Number of students suspending studies at Falmouth doubles in four years

Written by Ivan Edwards and Annissa Warsame |

The number of students who have dropped out or paused their studies at Falmouth University has almost doubled in four years.

A Freedom of Information (FOI) request by The Falmouth Anchor shows that 304 students voluntarily suspended their studies in 2017-18, a marked increase when compared to the 154 studies suspended in 2014-15.

The figures include those who have chosen to drop out or temporarily pause their studies, but not those who left university because they did not achieve the required grades to continue. Voluntary suspensions have increased year-on-year since 2015.

Falmouth University
Photo: Tim Green

The university has defended its student retention rate, arguing that there has also been a rise in overall student numbers in that period.

A university spokesperson told The Falmouth Anchor: “It’s worth noting that the University’s student numbers grew significantly in the period 2014-15 to 2017-18. Undergraduate numbers at Falmouth grew over 24% over this period and these numbers are published on the Higher Education Statistics Agency website.

“The University operates a wide range of student retention initiatives and projects, including student mentoring and an early indicator system measuring student engagement with taught classes and university systems.”

Student satisfaction

The sharp increase in voluntary suspensions raises questions about student satisfaction and the quality of courses at Falmouth. There has been controversy in recent years as arts programmes have been cut in favour of business-oriented courses.

One review of the business course on Which? University, by a first year student in 2018, says: “It’s a very new course, so things sometimes feel a little rough, e.g. staff not communicating with each other properly, nobody having a proper brief for assignments, that kind of thing.”

However, Falmouth is certified Gold under the Teaching Excellence Framework, the government scheme for measuring teaching quality at universities, placing it among the top 41 universities in the country.

The university has a student satisfaction rating of 80%, according to the 2018 National Student Survey.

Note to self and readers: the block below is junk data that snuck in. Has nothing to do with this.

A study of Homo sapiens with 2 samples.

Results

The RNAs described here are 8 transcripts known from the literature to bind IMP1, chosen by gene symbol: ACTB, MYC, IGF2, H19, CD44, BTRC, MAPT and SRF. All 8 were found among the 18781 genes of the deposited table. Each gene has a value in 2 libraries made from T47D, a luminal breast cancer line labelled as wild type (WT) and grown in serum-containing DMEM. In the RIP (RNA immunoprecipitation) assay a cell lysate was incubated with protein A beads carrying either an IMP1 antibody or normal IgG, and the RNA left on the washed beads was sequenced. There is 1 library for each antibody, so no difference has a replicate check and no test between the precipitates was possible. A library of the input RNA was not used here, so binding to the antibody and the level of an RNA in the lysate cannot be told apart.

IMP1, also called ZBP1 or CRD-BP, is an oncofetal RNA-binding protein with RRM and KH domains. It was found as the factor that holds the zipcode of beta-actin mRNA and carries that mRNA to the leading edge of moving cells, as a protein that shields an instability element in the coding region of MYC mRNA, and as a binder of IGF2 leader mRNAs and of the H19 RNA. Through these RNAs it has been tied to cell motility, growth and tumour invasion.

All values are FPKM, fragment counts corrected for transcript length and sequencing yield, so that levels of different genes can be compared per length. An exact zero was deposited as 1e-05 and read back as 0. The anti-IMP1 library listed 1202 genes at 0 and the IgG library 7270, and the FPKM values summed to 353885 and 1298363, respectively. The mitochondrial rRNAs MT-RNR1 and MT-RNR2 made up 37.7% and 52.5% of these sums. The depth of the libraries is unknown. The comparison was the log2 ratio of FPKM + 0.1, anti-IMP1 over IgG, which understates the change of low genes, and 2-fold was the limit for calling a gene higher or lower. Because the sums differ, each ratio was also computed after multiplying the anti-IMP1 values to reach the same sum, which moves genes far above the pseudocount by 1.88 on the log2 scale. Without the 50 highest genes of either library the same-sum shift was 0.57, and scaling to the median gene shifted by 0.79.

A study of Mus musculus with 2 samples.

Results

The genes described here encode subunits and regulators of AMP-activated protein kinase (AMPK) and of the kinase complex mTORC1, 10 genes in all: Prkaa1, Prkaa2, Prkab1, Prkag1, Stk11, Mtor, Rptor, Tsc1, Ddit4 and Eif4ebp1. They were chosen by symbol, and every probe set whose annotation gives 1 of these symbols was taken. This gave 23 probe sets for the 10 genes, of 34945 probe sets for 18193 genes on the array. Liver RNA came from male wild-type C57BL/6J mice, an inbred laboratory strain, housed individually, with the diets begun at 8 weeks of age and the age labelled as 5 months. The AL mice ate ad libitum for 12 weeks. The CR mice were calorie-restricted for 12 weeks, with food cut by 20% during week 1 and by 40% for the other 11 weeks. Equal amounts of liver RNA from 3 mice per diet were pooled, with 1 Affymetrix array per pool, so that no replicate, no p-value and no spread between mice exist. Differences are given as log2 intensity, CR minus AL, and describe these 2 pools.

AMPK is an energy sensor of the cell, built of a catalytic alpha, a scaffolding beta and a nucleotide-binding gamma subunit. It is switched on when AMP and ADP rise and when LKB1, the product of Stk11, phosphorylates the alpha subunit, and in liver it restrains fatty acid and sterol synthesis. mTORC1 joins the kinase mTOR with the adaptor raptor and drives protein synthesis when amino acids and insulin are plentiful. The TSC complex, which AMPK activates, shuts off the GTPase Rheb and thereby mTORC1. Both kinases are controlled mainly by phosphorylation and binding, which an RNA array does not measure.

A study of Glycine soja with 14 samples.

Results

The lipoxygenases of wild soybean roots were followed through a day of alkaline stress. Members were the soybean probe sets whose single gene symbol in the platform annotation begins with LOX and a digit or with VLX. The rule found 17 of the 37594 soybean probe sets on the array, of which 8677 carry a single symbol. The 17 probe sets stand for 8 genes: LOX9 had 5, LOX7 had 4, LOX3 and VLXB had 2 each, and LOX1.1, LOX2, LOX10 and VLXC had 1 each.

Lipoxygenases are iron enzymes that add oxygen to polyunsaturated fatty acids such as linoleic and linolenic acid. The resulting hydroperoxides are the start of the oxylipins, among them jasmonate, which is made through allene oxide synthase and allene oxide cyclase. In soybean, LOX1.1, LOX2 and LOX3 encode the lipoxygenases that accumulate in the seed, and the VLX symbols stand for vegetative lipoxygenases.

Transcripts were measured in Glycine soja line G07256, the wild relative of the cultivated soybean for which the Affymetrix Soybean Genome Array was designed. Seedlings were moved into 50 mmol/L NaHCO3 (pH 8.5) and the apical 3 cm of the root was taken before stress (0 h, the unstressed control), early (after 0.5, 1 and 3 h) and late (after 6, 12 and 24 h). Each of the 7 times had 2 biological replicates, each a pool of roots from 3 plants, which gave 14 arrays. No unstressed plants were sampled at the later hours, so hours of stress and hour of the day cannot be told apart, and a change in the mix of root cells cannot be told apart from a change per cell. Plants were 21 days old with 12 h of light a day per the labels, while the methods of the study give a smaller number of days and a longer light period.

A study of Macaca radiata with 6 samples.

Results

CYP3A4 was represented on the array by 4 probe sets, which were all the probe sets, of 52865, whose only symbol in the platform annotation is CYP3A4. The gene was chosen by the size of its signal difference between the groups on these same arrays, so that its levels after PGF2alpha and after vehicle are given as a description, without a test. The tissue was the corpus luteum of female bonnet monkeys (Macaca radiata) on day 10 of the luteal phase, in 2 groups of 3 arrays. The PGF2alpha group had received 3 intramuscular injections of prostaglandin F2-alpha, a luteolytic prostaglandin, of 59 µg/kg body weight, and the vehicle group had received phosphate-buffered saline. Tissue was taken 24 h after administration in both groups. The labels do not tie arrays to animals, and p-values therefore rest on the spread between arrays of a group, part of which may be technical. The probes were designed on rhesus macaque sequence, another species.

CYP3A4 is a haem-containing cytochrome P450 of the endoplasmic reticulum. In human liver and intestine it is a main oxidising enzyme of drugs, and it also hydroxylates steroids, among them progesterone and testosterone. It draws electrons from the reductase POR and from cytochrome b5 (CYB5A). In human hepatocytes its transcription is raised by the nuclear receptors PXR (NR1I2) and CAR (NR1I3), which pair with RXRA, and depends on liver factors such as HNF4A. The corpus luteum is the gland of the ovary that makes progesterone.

Table: How many students voluntarily suspended their studies each year between 2014 and 2018?

* Figures for Exeter courses based in Cornwall only. For Exeter, any interrupted students spanning across two or more academic years are counted in each academic year.

Sarah Redman, FXU President Student Experience, commented on the figures, saying: “Any decrease in retention rates is a big concern for us as the Students’ Union.

“We have developed our Student Voice structure to be more bespoke to students at each institution so that we can really dig into issues they may be having on a course level and are working hard to address these. In addition we are about to launch ‘Own It’ and ‘Choose Your Day’ which are two campaigns focusing on engaging students with activities to improve their wellbeing and sense of belonging at university.”


In the same time period, the number of students dropping out or pausing their studies at University of Exeter courses based in Cornwall has remained almost constant, with between 68 and 72 students voluntarily suspending their studies each year.

There are currently around 2,500 students at University of Exeter Cornwall Campuses, meaning the 2017-18 drop-out rate was roughly 3%, compared to 5.6% for Falmouth.

A University of Exeter spokesperson said: “Students may suspend their study for a range of reasons including health, family or financial and the University does what it can to support students to re-engage with their studies at a later date.

“The number of students who suspend their study has remained about the same over the last 4 years and we will continue to look at any trends, as well as the support we can offer.”